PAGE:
For the last 139 years, every measurement of mass you’ve ever made, from weighing fruit at the grocery store to stepping on your bathroom scale, can be traced back to a chunk of metal locked securely in an underground vault in Paris. However, mass is modernizing. On Nov. 16, representatives from over 60 nations including the U.S. gathered in Versailles, France and voted to redefine the kilogram using a fundamental constant.
Up until now, one kilogram has been defined by a cylinder-shaped platinum-iridium object called the International Prototype Kilogram located in France, UT chemistry professor Jason Shear said. “From a chemistry standpoint, a lot of metals will oxidize and rust,” Shear said. “It’s a platinum-iridium alloy, so it has very good stability. They chose the materials with a clear eye towards trying to minimize that.”
International Prototype Kilogram is taken out every 40 years to be compared to its other replicas around the world, said Shear.
“The U.S. has one of the replicas. It’s what our internal standard is based on,” Shear said. “It’s taken to France and measured next to it.”
There have been many limitations associated with basing the kilogram on International Prototype Kilogram, said Matthew Worden, assistant professor of instruction in the chemistry department.
“The problem is that the actual mass of (the kilogram) can change,” he said. “They keep it under seal but every time it is taken out, an atom could come off and its mass would change. If someone were to drop it or dent it, its mass would change.”
Beginning on May 20, the kilogram will be defined based on a physical constant called Planck’s constant, an infinitely small number associated with light energy, Shear said.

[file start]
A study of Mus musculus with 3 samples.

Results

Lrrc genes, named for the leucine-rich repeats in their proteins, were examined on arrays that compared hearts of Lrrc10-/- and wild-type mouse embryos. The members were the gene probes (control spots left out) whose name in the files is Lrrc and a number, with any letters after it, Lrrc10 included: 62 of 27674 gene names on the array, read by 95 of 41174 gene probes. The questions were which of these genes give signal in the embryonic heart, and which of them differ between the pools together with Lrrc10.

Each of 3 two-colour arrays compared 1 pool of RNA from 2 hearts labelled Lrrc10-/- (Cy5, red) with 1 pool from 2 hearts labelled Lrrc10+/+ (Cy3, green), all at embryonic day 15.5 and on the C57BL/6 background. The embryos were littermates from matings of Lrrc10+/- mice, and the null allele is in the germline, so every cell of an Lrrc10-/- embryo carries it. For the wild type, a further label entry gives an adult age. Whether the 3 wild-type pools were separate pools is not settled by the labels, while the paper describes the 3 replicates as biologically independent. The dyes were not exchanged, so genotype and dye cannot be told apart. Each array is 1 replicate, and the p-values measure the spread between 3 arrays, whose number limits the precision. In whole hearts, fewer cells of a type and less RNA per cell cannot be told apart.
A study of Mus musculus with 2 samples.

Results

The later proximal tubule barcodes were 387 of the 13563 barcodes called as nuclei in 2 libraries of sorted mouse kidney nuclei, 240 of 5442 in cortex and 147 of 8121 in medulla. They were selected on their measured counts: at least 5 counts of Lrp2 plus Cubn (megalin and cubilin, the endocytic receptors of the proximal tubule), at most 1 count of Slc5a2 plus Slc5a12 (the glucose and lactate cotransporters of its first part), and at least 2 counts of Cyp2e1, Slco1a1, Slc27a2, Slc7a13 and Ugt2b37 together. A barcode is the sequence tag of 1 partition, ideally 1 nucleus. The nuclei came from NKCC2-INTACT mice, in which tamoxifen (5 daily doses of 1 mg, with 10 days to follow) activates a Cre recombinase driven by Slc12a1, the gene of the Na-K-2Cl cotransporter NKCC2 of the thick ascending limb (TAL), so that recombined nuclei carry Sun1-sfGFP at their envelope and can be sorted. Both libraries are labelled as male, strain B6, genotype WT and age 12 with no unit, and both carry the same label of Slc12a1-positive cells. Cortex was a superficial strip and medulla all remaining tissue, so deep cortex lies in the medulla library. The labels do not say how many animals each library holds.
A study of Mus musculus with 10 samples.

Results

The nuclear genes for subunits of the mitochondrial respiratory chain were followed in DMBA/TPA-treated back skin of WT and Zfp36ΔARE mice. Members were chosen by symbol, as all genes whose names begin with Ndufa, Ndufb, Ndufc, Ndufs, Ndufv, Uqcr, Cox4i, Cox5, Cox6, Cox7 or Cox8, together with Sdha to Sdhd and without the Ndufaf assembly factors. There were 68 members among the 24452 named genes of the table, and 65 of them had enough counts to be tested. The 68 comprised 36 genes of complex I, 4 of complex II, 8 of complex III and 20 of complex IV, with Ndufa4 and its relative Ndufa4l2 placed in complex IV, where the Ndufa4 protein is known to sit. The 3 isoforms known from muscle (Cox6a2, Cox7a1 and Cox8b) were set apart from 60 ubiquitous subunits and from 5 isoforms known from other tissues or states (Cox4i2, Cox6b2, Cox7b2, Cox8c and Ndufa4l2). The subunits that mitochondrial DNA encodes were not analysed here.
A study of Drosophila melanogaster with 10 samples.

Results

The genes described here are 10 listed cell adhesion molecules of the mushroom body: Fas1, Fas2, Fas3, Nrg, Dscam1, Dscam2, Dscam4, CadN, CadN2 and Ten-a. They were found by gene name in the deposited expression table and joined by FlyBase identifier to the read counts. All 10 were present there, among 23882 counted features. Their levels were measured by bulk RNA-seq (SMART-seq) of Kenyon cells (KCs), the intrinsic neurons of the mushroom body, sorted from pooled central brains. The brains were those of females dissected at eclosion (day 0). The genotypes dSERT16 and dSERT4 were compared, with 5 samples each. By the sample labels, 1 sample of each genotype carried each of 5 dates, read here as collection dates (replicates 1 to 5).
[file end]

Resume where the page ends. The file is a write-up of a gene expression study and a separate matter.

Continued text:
“I had assumed that we had switched to something that depended on the behavior of light and atoms — things that are rock solid and, as far as we know, don’t change, rather than an object that could grow or wear down over time,” Shear said.
This new change is made possible by a system called the Kibble balance, which allows us to determine the kilogram accurately in any place in the world, said Robert Hebner, director of the Center for Electromechanics at UT and a U.S. representative at earlier conferences in France regarding the redefinition of the kilogram.
“You don’t have to have that entire system of moving things around and all these people working on maintaining this piece of metal,” Hebner said. “You can determine the kilogram from fundamental behaviors of nature.”
While this change may not affect the way you weigh your apples at HEB, this has significant implications for economics.
Having an accurate kilogram is important because it underpins our international economy and takes cost out of buying and selling things, Hebner said.
“If you ship a ton of steel from the U.S. to Japan, for example, you’d like it to be the same ton when it left and when it came,” Hebner said. “There are trillions of dollars worth of commerce that depend on an amount of money per unit weight.”
Scientists across the world have been working on redefining the kilogram and making the process simpler and cheaper for the past 40 years, Hebner said.
Worden added this international effort is a good example of cultural collaboration in the scientific community.
“It’s good to see scientists across the globe working together to come to a consensus,” Worden said. “It’s how science works. It works everywhere across the globe.”